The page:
ADO.NET allows developers as much flexibility in creating custom data providers as Microsoft had developing the SqlClient and OleDb data providers. In other words, you can create data providers for virtually any source of data you can think of, from file formats to Web services.
Think about some of the possibilities this presents. If you needed to create a database application that works on top of a number of different databases such as Microsoft SQL Server and IBM DB2, you could build a Web service that does the actual database access while your custom data provider provides the front end. Figure 13-1 shows such an application would work.
Figure 13-1: A Web-service-based data provider that accesses a Relational Database Management System (RDBMS)
Using an architecture like the one shown in Figure 13-1, you can have focused teams develop compatibility to the Web service you've created for data access. Your data provider only needs to know how to access the Web service, and you can build your application using the same Application Programming Interface (API) as you would for direct database calls.
The advantage of building a system like this is obvious—you can start building your application on top of the ADO.NET interfaces while the data provider, Web service architecture, and individual database compatibility gets worked out. This is more than a little helpful if you're working on a large project requiring cross-database compatibility.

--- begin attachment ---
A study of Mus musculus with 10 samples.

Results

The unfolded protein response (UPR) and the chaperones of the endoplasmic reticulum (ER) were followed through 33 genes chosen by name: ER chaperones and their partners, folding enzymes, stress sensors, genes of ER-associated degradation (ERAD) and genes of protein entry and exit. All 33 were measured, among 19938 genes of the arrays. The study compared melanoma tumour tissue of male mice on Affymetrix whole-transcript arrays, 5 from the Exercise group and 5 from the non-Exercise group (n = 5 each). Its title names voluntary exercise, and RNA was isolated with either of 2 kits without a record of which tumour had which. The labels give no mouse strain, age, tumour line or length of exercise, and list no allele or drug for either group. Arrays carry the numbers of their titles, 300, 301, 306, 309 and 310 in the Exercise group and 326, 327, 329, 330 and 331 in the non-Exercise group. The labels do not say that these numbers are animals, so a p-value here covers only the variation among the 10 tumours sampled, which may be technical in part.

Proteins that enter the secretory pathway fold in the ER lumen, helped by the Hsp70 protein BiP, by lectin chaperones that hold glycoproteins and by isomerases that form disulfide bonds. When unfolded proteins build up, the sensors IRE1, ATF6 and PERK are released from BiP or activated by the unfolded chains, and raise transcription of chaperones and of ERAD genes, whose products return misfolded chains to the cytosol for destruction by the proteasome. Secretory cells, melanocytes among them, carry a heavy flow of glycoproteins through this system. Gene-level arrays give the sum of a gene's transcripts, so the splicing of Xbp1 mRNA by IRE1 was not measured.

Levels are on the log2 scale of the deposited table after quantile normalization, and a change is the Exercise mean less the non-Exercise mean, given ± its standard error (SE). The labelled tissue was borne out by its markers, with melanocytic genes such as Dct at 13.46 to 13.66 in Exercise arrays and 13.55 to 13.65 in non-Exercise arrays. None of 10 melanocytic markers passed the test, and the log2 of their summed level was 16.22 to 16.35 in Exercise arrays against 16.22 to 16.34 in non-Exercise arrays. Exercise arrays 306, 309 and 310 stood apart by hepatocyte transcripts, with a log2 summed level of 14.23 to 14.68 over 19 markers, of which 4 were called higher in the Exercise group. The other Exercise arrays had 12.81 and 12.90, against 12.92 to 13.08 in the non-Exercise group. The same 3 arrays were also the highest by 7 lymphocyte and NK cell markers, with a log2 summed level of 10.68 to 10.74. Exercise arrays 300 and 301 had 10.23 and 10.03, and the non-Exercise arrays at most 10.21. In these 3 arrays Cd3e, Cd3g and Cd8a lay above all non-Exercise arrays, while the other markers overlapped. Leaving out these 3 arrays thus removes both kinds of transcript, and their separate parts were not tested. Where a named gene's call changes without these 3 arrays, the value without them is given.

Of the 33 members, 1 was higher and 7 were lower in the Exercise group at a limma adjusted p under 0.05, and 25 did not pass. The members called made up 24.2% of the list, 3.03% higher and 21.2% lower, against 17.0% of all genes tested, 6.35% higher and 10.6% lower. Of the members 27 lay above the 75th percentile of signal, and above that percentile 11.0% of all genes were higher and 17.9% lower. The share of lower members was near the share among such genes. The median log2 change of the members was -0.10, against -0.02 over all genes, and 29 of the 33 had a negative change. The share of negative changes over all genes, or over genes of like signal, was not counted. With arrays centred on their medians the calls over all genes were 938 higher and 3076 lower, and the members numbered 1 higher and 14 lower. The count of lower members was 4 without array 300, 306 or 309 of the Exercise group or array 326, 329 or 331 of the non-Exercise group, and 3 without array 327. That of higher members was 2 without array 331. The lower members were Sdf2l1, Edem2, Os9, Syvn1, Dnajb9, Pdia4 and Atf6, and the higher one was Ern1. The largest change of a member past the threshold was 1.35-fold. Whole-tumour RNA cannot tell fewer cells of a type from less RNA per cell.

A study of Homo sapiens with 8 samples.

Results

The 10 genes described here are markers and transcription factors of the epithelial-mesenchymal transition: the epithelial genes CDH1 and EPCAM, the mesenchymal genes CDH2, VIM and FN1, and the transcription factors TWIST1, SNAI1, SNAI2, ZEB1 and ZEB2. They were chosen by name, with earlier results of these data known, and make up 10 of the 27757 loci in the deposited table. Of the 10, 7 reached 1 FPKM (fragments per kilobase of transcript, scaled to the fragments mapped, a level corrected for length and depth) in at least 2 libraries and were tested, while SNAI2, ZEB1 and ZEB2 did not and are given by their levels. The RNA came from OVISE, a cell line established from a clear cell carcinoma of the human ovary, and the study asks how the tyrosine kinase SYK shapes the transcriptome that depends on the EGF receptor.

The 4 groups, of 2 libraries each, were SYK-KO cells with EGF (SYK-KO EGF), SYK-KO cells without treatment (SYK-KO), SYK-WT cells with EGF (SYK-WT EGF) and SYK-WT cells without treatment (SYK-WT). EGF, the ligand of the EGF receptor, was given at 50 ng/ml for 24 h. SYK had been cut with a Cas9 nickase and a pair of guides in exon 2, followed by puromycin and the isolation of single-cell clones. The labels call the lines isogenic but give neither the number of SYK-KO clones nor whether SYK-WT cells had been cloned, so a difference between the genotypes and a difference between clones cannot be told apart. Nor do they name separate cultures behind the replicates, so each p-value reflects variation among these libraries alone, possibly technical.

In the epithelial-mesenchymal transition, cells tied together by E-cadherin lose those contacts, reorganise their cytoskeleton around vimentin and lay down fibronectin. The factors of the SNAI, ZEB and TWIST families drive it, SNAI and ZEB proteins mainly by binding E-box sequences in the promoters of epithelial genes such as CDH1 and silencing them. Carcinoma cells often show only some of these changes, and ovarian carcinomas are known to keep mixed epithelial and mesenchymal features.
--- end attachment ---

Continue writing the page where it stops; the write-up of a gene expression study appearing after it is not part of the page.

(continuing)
This example highlights why the ability to write a custom data provider is truly beneficial; it's a way to provide standard access to a nonstandard source of data. In other words, this provides a way to normalize the way you work with data regardless of the source.
In this chapter you'll build a data provider that allows access to data in pipe-delimited format, and you'll provide a standard .NET API by implementing the Microsoft interfaces to create a custom data provider. The pipe-delimited format is common, especially to Unix systems, as a way to move data between systems. Many large Enterprise Resource Planning (ERP) systems support the ability to export data in this format. Another popular format you could build support for is the Comma Separated Values (CSV) format, which is more popular on Windows systems. This chapter begins with an overview of the data provider interfaces.